Big Data: Someone Else’s Problem?

There is a huge amount of buzz and hype in the market around big data. Words like Hadoop, Cassandra, Hive, NoSQL are frequently thrown around, and it can seem like they are largely detached from most people’s day-to-day reality.  Particularly for folks who are doing the heavy lifting of data integration and data management for their organizations, all the buzz can seem like mere noise.  I often hear comments such as:

  • “We don’t do big data here.  Our volumes aren’t that big.”
  • “There are some folks playing around with Hadoop in the lab, but that’s about it.”
  • “I think this may have potential use for us, but I’m not really sure.  There’s too much hype right now.  And I’m way too busy to sort through it all.”

Big data:  It is your problem…
You may think big data is not relevant to you.  But more than likely, big data will become part of your reality over the next few years.  Why?

First, three inexorable trends have fundamentally shifted the landscape of computing, and in turn, they are reshaping the world of data.

  • Cloud computing is now mainstream, representing 4% of total IT spend,  and it’s here to stay.  The proliferation of cloud applications is creating the next wave of data fragmentation, with more and more data captured and processed by cloud service providers.
  • Social computing has risen out of nowhere just five years ago to now representing unprecedented volumes of interaction data—Tweets, Facebook posts, Zynga games, LinkedIn connections, Yelp! reviews, and more.  There’s vast opportunity in doing something with all that data—in fact an estimated 88% of US companies use social media for marketing —but it can be hard to tap.
  • Mobile computing has leapt forward in recent years, in no small part due to the iPhone and iPad, as well as supporting players like Android.  Experts predict that within the next five years “more users will connect to the Internet over mobile devices than desktop PCs.”  All this mobile computing is driving the next surge in device and sensor interaction data, with the opportunity to utilize mobile device data to enable innovative context-aware and location-based services.

Second, big data is not just about large volumes.  There are plenty of us who don’t need to deal with petabytes of data.  But even where data volume isn’t overwhelming, data variety, velocity and complexity are increasing, due to the above trends.  Data is no longer just an orderly set of rows and columns generated by transactional applications—it’s a messy agglomeration of unpredictable data from a huge variety of sources, many of which behave far differently than traditional enterprise data.  That’s the true challenge of big data.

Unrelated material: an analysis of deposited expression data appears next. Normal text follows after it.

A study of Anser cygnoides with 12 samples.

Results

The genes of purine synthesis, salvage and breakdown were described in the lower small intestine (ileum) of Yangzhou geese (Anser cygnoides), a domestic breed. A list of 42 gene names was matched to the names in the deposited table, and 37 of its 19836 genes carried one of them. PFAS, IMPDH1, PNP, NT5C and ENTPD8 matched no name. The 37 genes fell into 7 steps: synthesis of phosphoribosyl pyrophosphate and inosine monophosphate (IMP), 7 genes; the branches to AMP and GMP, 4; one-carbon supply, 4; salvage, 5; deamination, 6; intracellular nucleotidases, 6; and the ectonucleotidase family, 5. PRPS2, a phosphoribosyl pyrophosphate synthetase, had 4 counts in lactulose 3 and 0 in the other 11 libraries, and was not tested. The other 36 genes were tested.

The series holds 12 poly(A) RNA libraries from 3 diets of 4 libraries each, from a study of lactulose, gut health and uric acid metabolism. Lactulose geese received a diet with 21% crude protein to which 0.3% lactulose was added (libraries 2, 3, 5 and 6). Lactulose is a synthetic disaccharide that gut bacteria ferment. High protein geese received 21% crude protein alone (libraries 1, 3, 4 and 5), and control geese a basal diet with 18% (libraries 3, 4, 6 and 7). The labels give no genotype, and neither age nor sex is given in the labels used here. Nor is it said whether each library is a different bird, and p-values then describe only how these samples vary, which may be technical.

There are almost no organizations where some aspect of this isn’t relevant. So even if these factors haven’t hit you personally yet, they will, and soon.

Big data:  It is your problem… and your opportunity.
So what does that mean for a data integration or information management professional?  It means that change is coming. And change is a double-edged sword. You can use it as an opportunity to do something new and of value—for yourself, and for your organization—or it can pass you by.

Big data has been billed as the “next frontier for innovation, competition and productivity.” Right now, big data often means mining huge volumes of data, such as social media, clickstream or device log data, to find new insights. But it also means detecting interesting events in real-time as they occur— based on web, device, sensor or social media activity— and then taking some action on that event. It means incorporating data from the messy new world with your existing enterprise systems to have a more complete view of your customers and your business.  And it can even bring the opportunity to pursue a whole new business model that is based on the value inherent in this new data.

Big data indeed provides a big opportunity.  But it can also bring unforeseen costs and risks if not managed properly.  The data volumes, variety and complexity can lead to spiraling costs, even with the use of low cost computing platforms such as Hadoop. The development and analysis skills required to utilize big data are scarce and expensive. And most big data projects are not yet paying attention to critical enterprise issues such as manageability, security, availability or governance.

You need to balance the new demands posed by big data with your existing requirements and resources. And you need to deliver the new value expected by the business while mitigating the cost and risk of big data.

We’ve been spending a lot of time talking with folks about these big data issues. We would love to hear more about your experiences with big data. Please take our big data survey— you have a chance to win an iPad (yes, the new one), and we’ll be publishing the report in May. I’m sure there will be some very interesting results in there for us all to discuss.

Also, the R&D experts at the Informatica labs are working on a lot of innovative capabilities to address many of these challenges. Informatica World is the best place to learn about what we’re up to, so please join us in Vegas to hear it all first hand.